Sorry for the delay in today's post. Internet computer failed completely and a new modem was in order. Now I have cords all over the place until I get everything back in place. Funny how something I didn't need a few years ago, like the Internet, is now such a part of my life that two day's without it are difficult! Even missed my Twitter and Facebook friends!
Have you noticed that I've put a moon phase widget on the blog? If you ever want to know what phase the moon is in you can just take a look down the right hand column of the blog. Today it's a full moon, and the biggest moon in a very long time. Earlier clouds have cleared and even though it's getting cold (again) we should be able to enjoy tonight's big moon. Be sure and go take a look. It should be very beautiful, and If you're a romantic, take a nice long walk with a loved one or ones!
Today's daily painting is one that I'm trying out a couple of compositions for a large painting of one of the nicest Marco Island views. Palms on the beach are such a delight since they provide a nice vertical to our nearly horizontal landscape, and with just the littlest of breezes their fronds provide wonderful negative shapes against the sky.
7" x 5" (17.8cm x 12.7cm)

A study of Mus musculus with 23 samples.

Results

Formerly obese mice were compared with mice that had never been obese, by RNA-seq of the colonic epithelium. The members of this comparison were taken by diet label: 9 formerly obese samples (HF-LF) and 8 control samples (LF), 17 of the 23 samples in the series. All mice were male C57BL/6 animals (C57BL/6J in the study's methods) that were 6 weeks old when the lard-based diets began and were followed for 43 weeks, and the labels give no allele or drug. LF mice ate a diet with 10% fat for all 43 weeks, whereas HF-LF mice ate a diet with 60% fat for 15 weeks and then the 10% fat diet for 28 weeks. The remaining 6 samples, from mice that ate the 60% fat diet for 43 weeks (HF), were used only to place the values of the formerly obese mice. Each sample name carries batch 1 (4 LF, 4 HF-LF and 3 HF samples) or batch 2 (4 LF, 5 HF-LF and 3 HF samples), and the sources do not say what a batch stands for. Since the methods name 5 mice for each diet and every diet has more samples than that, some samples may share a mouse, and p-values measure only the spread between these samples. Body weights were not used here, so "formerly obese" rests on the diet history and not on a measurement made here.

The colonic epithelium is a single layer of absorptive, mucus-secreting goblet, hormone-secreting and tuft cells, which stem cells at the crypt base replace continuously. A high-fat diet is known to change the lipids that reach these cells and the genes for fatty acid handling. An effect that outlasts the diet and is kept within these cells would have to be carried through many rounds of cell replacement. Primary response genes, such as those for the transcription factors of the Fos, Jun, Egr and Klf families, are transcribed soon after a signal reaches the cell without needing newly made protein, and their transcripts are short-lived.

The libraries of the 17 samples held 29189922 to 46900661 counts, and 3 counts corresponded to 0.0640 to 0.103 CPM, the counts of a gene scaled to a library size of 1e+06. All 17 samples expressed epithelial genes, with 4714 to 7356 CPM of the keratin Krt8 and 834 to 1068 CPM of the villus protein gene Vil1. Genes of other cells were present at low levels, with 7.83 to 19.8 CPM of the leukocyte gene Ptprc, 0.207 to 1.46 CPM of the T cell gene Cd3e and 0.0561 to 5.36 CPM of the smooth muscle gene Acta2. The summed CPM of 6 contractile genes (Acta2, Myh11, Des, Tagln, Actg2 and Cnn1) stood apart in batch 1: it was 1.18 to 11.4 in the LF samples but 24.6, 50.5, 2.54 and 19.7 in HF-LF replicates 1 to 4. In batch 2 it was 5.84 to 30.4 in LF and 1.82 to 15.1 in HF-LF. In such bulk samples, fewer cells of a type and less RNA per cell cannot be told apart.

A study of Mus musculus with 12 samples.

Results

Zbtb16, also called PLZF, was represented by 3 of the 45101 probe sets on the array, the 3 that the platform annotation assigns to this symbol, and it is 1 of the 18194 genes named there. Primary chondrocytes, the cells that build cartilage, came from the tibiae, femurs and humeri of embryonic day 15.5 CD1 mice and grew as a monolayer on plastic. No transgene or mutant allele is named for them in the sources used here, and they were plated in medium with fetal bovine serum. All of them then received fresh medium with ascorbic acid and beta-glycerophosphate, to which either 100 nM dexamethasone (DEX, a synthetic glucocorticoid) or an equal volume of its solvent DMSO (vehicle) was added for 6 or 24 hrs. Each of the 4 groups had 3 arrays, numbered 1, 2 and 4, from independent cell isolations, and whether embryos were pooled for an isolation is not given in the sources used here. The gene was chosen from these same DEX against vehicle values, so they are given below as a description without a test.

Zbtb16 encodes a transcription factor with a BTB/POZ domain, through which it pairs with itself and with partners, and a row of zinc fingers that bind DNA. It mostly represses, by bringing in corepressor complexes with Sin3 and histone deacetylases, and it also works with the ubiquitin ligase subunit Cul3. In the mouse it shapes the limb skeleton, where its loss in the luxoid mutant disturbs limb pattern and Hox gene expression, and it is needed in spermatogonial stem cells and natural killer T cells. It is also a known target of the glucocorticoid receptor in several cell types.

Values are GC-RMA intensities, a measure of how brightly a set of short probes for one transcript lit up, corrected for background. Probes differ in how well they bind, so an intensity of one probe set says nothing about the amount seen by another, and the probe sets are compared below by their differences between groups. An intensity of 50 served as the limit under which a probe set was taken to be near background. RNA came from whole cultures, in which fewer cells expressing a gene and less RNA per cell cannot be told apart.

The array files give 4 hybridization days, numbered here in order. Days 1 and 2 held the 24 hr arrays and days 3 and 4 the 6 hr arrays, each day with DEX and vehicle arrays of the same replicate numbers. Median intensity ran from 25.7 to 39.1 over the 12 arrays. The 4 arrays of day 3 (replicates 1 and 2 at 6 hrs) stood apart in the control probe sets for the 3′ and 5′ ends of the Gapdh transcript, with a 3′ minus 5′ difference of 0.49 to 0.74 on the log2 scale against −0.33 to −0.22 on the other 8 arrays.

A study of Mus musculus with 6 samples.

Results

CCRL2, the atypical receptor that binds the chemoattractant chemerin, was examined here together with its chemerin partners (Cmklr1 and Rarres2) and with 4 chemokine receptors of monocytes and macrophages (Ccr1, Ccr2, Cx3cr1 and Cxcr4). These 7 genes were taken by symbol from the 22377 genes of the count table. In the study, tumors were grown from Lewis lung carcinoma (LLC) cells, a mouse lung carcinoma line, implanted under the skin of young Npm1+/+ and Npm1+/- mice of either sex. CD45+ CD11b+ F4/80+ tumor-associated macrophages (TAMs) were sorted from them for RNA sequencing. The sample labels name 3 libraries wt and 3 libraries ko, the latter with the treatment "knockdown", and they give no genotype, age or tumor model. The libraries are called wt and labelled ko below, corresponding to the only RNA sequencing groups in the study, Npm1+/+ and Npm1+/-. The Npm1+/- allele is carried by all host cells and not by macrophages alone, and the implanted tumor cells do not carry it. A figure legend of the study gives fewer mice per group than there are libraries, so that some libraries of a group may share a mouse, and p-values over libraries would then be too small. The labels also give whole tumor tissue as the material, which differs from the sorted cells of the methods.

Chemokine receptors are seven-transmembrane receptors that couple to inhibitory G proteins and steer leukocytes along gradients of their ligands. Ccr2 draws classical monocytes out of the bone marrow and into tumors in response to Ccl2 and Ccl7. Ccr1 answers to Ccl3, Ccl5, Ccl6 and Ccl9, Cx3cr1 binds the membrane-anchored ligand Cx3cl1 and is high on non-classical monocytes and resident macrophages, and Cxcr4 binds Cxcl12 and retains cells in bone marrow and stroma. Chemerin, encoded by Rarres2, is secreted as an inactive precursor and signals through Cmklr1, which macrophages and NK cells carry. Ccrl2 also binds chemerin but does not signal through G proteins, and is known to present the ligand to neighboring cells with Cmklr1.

When we look at the sky to paint it, our first question is to ask if the sky is active or quiet. If active, our whole painting might take on the feeling of the wind moving over the landscape. It will affect the way we portray the trees, grasses, and any other part of the landscape that can be affected by the wind. Sometimes, it's only high above that we see the clouds racing by, and the earth remains somewhat quiet. Whichever it may be, remember that they feeling of your sky will affect the rest of the painting, and that they must not conflict. Learning to put volume into your sky is one of the most basic challenges of the landscape painter. But anyone who has spent any time looking up will know that the sky is like and upturned bowl, and that the sky color at the very top is usually very, very different from the sky color at the horizon. If you can follow this color change all the way to the background in the painting, your sky will have volume and will recede into the distance and give your landscape volume. Generally, the clouds overhead are much larger than you would expect, and clouds in the distance shrink in size and fade in color just like the rest of the landscape does as it recedes. The sky is most often cool in color, and the sunlit clouds are usually warmer. Up close the undersides of the clouds are usually darker and more ragged, but still much lighter than land. As clouds are seen in the distance, their bases become flatter and there image sharper and clearer. The also be come smaller, and will be warmer in color as they near the land. Practically, it will help to have your brightest clouds nearer to center of interest of your painting. Much of the painting above was done with a palette knife, and there's a nice sense of clouds and movement in the sky.